It’s no surprise that Spark: A Space Tail didn’t perform well, but this is box office bomb of historic proportions.

According to weekend estimates, the Aaron Woodley-directed film grossed an estimated $112,352 from 365 theaters, a per-theater average (PTA) of $308. To put into perspective how little that amount is, The Lost City of Z outgrossed Spark this weekend with $112,633, and that film was playing in just four theaters.

Spark had a PTA of only $72 on Sunday, which works out to around eight tickets per theater. Assuming that there were four to five screenings per day, most showings of the film played to empty (or nearly-empty) houses. Any way you break it down, it is among the weakest launches in the history of cg animation in the United States.

Of its 37 films that Open Road Films has released to date, Spark ranks as the distributor’s all-time worst launch based on PTA. Open Road, a joint-venture between cinema chains AMC and Regal, was clearly hoping to replicate the success of its earlier hit, The Nut Job, which had been produced by the same production companies. The monkey-in-space sci-fi genre even has a proven track record at the box office: Space Chimps grossed $30 million back in 2008. Instead, they ended up with a Delgo-level flop that will be remembered for all the wrong reasons.

Open Road will try again — and hope for better results — with The Nut Job 2 in August. The film is co-produced by the same team that made Spark: Korean studio Redrover Co. Ltd, Canada’s Toonbox Entertainment, China’s Shanghai Hoongman Technology Co., and Gulfstream Pictures.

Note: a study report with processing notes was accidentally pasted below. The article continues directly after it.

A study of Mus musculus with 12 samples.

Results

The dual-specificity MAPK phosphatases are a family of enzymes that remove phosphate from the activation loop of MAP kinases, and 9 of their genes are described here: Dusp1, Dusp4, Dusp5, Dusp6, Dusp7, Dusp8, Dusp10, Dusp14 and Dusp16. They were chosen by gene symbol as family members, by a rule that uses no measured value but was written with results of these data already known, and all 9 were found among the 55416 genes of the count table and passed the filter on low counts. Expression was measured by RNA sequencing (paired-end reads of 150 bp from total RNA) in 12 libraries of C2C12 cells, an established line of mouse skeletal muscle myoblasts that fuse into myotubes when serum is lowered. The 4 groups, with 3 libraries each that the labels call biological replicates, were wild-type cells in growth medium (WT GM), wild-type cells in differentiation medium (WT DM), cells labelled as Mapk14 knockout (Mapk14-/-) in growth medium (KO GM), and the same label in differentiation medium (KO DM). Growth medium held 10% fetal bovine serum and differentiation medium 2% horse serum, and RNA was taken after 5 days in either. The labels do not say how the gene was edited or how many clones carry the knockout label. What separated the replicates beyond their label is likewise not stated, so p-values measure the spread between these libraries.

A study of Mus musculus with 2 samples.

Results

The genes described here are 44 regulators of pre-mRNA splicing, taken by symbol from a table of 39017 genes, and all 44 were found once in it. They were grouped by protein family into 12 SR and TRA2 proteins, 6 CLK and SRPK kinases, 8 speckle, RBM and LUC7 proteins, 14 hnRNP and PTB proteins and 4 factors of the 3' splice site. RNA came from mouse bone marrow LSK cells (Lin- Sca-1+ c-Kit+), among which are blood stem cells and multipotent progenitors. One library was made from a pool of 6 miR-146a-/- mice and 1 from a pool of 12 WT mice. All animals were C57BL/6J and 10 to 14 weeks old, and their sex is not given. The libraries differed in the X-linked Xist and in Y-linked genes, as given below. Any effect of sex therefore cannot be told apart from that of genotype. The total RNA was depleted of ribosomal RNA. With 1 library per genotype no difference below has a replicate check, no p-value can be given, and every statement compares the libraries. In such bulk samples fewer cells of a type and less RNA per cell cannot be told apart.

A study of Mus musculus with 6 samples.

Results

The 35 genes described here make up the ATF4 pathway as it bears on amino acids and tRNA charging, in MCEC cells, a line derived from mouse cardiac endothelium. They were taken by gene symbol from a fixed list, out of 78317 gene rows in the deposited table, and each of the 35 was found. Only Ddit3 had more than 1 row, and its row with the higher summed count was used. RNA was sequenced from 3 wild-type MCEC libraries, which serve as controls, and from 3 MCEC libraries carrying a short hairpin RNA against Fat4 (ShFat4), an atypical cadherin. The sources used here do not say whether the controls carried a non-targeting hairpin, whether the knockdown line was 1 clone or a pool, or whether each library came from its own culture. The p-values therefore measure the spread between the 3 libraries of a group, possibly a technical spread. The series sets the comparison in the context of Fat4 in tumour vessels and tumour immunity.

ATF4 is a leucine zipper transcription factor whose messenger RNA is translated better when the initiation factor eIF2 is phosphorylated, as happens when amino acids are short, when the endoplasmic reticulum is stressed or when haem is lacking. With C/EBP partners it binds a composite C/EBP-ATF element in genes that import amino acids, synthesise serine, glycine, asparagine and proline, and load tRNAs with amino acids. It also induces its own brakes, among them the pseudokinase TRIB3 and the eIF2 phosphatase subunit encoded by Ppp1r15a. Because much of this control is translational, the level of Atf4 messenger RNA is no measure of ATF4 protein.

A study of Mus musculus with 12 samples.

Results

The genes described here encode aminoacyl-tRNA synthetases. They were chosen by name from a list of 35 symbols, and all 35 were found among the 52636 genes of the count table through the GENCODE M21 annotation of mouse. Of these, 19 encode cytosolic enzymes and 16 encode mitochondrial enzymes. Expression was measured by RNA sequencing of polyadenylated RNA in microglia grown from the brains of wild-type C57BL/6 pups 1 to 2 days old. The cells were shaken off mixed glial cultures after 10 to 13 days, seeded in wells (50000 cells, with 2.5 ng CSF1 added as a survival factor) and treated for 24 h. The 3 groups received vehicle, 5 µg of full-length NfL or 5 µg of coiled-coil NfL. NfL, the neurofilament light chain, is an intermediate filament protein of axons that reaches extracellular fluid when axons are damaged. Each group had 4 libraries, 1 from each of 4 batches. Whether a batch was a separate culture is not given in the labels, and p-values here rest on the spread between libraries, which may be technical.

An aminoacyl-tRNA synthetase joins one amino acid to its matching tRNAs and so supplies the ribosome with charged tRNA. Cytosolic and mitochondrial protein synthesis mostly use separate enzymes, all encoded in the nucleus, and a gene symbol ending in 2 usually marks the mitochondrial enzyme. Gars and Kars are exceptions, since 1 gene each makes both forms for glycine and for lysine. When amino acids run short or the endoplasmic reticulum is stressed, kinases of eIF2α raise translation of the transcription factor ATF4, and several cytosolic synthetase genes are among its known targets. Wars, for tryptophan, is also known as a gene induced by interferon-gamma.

While Spark is a certifiable flop in the United States, it’s important to remember that for foreign producers, U.S. box office doesn’t mean everything and the film could still perform well in other parts of the world. Double Dutch International (DDI), the international sales agent for Spark, successfully sold the film based on the reputation of The Nut Job and Spark’s celebrity voice cast, which included Jessica Biel, Hilary Swank, Patrick Stewart, and Susan Sarandon. DDI CEO Jason Moring told Screen Daily last November, “With the recent announcement of Open Road theatrically releasing Spark in the U.S. combined with the track record of these great animated producers and strong voice talent, we fully expect Spark to be sold out soon.”

Rights for Spark have been snapped up by Kaleidoscope (U.K.), California Films (Latin America), Eagle Films (Middle East), Fox International (pan-Asia pay TV), Captive Entertainment (Philippines), MVP Films (Vietnam/India), Sam Films (Iceland), Roadshow (Australia), Scanbox (Scandinavia), Baltic Top Film (Russia/C.I.S.), Best Film (Poland), Five Stars (Israel), Blitz (ex-Yugoslavia), and ATM Film (West Indies). China and South Korea also have distribution planned.

Other U.S. box office notes:

Dreamworks’ The Boss Baby slipped to second place, surrendering pole position to The Fate of the Furious. The movie has overperformed and continues to hold up well with $15.5M in its third weekend. It has banked $116.3M in the U.S. and $122.6M abroad for $238.9M global — and more to come.

Disney’s Beauty and the Beast passed $1 billion in global gross at the box office last week. The film dropped to third place in the U.S. with $13.6M. Its total is now $454.6M stateside and $588.4M abroad for a grand total of $1.043 billion.

Sony Picture Animation’s Smurfs: The Lost Village dropped from third to fourth place in its second weekend, achieving just $6.5M. Its two-week total is $24.7M. Not counting the two Aardman films that SPA co-produced, Smurfs will end up as Sony Animation’s weakest film ever in the United States. The film has earned $70.3 million internationally, and has a global total of $95M.

GKIDS launched the American indie My Entire High School Sinking Into the Sea by comic artist Dash Shaw in three theaters, pulling $15,215. The film had a decent $5,072 per theater average.

Funimation’s U.S. release of Makoto Shinkai’s Your Name did not report weekend totals.